Federal laws protect students and faculty with disabilities. It is illegal for a school to discriminate against students, staff, or faculty on the basis of disability. And disabilities include not only physical disability but also psychiatric conditions that may have no external manifestations. It is also an unknown fact by the public at large that students with psychiatric conditions are disproportionately accused of other student misconduct, including sexual misconduct.
Many students coming from high school had been protected by IEP’s and the IDEA, a federal law that guarantees every student public school a free, appropriate public education.
That being said, the legal terrain quickly changes in college and in the work world. On campus, you are entitled to reasonable accommodations under the Americans With Disabilities Act and Section 504 of the Rehabilitation Act, but you’re not guaranteed an education.
If you believe that you have been denied reasonable accommodations or if you believe you are being discriminated against on the basis of disability, you may have a valid case. Our disability rights lawyer is here to help. Please contact Allen Harris to learn more about how we can assist you.
Disability Rights Lawyer | Protecting Students and Faculty With Disabilities
Unfortunately, students are not guaranteed a “free appropriate public education” when it comes to higher education, and the support that many receive in K-12 education is no longer available. In addition, college and university students cannot necessarily be shielded from discipline simply because an unfortunate incident of behavior manifests a disability or psychiatric condition. That being said, students with disabilities have important legal protections that they must understand. This includes demanding disability accommodations in disciplinary procedures themselves, which are high-pressure and extremely unfavorable to the disabled. When your rights are violated, the law of disability rights can be used on your side.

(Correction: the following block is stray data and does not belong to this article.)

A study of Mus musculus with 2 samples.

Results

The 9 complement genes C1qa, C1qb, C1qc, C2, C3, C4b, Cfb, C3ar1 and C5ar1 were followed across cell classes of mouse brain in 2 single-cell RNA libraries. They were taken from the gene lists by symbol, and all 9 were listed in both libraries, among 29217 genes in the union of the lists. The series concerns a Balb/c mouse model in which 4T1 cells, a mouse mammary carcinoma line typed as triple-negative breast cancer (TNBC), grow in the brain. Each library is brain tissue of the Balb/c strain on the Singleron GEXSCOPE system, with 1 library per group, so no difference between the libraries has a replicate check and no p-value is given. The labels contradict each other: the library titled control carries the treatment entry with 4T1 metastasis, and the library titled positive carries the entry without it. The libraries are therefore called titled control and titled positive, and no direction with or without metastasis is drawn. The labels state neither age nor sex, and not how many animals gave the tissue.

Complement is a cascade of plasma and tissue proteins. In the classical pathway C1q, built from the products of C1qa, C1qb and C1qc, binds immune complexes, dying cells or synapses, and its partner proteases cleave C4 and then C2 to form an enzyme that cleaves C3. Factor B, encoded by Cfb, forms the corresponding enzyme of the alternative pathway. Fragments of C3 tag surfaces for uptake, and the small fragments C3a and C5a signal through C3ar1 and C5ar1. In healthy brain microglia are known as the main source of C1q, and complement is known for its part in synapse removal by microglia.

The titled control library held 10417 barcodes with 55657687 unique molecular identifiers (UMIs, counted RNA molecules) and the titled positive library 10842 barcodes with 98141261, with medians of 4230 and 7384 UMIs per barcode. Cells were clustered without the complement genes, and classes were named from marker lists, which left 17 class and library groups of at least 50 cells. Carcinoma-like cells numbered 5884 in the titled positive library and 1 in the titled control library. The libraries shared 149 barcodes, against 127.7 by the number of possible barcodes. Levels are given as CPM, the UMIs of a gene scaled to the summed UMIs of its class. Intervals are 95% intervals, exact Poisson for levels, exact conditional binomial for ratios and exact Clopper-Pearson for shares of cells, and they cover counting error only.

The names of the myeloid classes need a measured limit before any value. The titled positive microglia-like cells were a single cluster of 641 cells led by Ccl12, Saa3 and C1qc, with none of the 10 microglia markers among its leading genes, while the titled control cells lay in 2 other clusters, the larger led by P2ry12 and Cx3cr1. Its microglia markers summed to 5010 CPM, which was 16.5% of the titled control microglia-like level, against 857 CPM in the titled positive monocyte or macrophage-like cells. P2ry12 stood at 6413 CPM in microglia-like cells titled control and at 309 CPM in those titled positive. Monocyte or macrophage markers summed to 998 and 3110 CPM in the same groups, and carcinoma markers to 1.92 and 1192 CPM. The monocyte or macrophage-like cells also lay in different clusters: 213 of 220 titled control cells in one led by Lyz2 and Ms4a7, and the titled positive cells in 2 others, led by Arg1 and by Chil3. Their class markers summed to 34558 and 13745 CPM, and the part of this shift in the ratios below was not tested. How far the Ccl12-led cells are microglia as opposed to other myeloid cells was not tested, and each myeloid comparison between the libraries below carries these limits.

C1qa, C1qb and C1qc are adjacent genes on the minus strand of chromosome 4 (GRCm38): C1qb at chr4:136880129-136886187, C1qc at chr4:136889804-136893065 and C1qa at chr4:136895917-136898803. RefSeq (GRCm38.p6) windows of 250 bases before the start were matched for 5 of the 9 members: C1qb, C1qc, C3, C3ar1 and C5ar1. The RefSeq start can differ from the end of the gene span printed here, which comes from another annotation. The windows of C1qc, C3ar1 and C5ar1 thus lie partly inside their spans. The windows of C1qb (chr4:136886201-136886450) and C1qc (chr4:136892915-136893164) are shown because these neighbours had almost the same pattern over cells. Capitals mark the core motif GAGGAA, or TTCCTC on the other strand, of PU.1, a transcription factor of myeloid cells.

Rights Afforded in Section 504 and the Americans With Disabilities Act
The Americans with Disabilities Act and Section 504 of the Rehabilitation Act of 1973 are virtually identical for the purposes of higher education. Colleges and universities must grant reasonable accommodations to people with disabilities so long as they are “otherwise capable” of meeting the requirements of their job or of the curriculum.
The good news is that the coverage of these laws is broad. For example, the number of disabilities covered is far broader than those under the IDEA. Furthermore, you do not have to have a “learning disability” to qualify for protections. You do not have to have a permanent impairment. There are no specific categories of disability that you must fit into in order to qualify for legal protection.
That being said, you may need help navigating the school’s administration. It is not uncommon for one administrative office to refuse to listen to another, especially the disability services office, which every campus must have. You can and should secure your rights through the university’s disability services office. But these offices go by many names: Office of Student Accessibility, Office of Accommodations, Student Services Office, and other names. Be aware, however, that what the disability service office grants and what a school may or may not do are often separate things.
Our firm is here to help you navigate this complex system and preserve your rights through every step of the process.
Contact Our Disability Rights Lawyers
Anyone who believes they are a victim of a violation of Section 504 or the Americans With Disabilities Act should strongly consider retaining the services of a knowledgeable disability rights lawyer. Contact Allen Harris today to learn more about what we can do for you.